Summer Vacation Estate Planning Checklist
By Yvonne Olivere, Esq.
Traveling without the kids? Kids traveling without you? Before you part, plan.
Time away from the kids can be both relaxing and stressful. You’re less apt to worry about what could go wrong, however, if you’ve made plans for the worst case scenario of something happening to your children while you are away, or vice versa. Whether you’re leaving the kids with a loved one so you can enjoy a grownup vacation or the kids are leaving you to spend time with friends or family, a little bit of planning on your part will go a long way towards ensuring summertime peace of mind.
Authorize medical care for your children
As the parent or legal guardian of a minor child (18 years or younger), you need to provide legal authorization for a non-parent caretaker to make medical decisions on behalf of your child while you are apart. A standard authorization document is broad enough to cover most plausible medical scenarios, but you can choose to include restrictions and limitations. An estate planning attorney can help you draft an arrangement that suits your needs.
Naming guardians—the people who will raise your children if you aren’t able to—is perhaps the single most important estate planning consideration for the parents of minor children. This is, admittedly, a difficult decision, and not one to take lightly (see my blog from April on stapletonmoms.com for guidance on that topic). You can put it off some by giving your children’s summertime caretaker legal short-term guardianship, but sooner or later (preferably sooner), you’ll also want to grant long-term guardianship to a trusted adult. As an estate planning attorney and mother of three, I can guide you through the process of appointing guardians.
Create an Estate Plan
Faced with the prospect of being away from your children even for a couple of weeks might give you the necessary focus (as a mom of three myself, it’s fear for me!) to think about what would happen if the separation was permanent. Don’t let the word “estate” fool you; even those of the humblest means have things to pass on to their children. And an estate plan contains more than instructions for material asset distribution. You can even specify in a plan the values you want instilled in your children by guardians and conditions on inheritance to prevent “trust fund child” syndrome. Failing to come up with an estate plan leaves decisions in the hands of the state and can create undue stress on survivors. A thorough estate plan gives you have greater control over your legacy.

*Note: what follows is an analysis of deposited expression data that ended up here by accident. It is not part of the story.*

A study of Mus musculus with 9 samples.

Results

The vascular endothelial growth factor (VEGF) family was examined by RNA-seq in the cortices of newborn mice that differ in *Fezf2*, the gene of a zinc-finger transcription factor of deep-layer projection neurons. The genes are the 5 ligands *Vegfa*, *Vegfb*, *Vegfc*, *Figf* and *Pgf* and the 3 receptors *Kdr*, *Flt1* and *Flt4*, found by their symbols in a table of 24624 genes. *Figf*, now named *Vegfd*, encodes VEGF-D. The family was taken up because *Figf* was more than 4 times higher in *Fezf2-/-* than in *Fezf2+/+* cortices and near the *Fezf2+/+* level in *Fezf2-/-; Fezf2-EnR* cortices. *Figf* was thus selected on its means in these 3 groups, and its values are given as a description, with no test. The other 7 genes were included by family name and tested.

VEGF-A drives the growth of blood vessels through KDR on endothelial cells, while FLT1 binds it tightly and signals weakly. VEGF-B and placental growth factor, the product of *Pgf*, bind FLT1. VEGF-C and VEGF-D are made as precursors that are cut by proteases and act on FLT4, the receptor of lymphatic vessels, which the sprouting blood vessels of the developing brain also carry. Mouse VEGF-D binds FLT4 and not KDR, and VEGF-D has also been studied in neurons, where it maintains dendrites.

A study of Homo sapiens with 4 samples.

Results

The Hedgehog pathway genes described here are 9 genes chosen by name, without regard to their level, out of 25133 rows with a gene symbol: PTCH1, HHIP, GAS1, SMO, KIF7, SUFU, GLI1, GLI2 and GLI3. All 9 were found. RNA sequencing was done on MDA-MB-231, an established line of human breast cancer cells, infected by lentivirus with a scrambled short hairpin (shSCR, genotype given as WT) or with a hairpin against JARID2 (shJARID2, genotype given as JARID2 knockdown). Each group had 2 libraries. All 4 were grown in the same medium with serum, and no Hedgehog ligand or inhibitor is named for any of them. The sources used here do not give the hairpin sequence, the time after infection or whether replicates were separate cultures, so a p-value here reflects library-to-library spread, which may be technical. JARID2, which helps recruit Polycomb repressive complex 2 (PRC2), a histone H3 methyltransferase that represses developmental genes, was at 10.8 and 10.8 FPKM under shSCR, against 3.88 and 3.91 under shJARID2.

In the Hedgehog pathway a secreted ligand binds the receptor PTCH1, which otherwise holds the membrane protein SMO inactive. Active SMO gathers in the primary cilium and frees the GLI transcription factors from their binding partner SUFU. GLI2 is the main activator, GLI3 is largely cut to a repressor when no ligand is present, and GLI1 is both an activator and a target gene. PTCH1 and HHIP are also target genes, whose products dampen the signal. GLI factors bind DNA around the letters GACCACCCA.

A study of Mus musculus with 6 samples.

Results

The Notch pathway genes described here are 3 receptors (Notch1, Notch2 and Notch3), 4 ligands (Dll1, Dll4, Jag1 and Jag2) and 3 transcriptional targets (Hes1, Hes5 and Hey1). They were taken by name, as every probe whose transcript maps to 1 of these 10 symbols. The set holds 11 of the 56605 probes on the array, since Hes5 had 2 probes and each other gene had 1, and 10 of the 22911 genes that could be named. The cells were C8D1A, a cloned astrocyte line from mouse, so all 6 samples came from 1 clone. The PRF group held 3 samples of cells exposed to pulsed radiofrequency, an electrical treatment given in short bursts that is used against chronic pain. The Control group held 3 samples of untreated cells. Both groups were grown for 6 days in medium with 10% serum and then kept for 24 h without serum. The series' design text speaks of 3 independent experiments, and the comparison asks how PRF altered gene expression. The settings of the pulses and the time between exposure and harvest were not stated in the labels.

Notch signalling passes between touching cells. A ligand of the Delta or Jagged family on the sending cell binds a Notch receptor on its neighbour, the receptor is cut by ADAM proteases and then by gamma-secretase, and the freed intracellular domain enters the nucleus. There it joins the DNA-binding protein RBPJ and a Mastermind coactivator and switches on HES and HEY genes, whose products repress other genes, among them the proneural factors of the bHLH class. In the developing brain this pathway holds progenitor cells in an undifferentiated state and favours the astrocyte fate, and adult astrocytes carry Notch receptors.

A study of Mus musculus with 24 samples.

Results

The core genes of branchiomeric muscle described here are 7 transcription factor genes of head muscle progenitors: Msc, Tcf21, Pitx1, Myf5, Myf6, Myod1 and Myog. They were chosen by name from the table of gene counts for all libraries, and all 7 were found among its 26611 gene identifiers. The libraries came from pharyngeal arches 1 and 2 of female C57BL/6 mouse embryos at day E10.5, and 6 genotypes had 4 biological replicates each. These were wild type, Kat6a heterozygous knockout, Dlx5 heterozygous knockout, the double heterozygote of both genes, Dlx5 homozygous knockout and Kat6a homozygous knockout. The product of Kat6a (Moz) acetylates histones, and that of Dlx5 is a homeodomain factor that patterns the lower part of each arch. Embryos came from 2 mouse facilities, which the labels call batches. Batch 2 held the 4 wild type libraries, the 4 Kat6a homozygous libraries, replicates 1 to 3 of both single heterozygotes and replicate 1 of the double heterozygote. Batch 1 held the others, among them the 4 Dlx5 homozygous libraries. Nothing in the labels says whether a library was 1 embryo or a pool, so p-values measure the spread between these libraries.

Revise Your Estate Plan
An out-of-date estate plan could be nearly as problematic as no estate plan at all. Life changes quickly. The addition of a family member, a divorce, the acquisition of new assets, or a change in thinking about who would make the best guardians are just a few of the estate planning issues that should be revisited every couple of years. An estate plan update may not be the sexiest part of your summer, but it may just be the smartest.
Leave an Action Plan
A “Legacy Drawer” is a centralized location where all of your estate planning and other important documents/information can be accessed by your family should something happen to you. Items to include in a legacy drawer include your will and estate plan, personal information such as dates of birth and social security numbers, financial and insurance policy account info, funeral instructions, legacy letters, tax returns, and usernames and passwords for online accounts. A legacy drawer is one more way to ensure you don’t leave important financial matters to chance—or to the courts. It should be organized, secure and easily accessible to loved ones. Planning is an essential component to a worry-free vacation. Yet no matter how well we plan, there is always a nagging feeling that we forgot something before leaving on vacation. Despite fears to the contrary, you probably didn’t leave the stove on or forget to lock the back doors…but you may have neglected important aspects of your estate plan.
If you have any questions about these—or other—estate planning issues, please let me know. I can be reached at Yvonne@oliverelaw.com or 303-974-5617.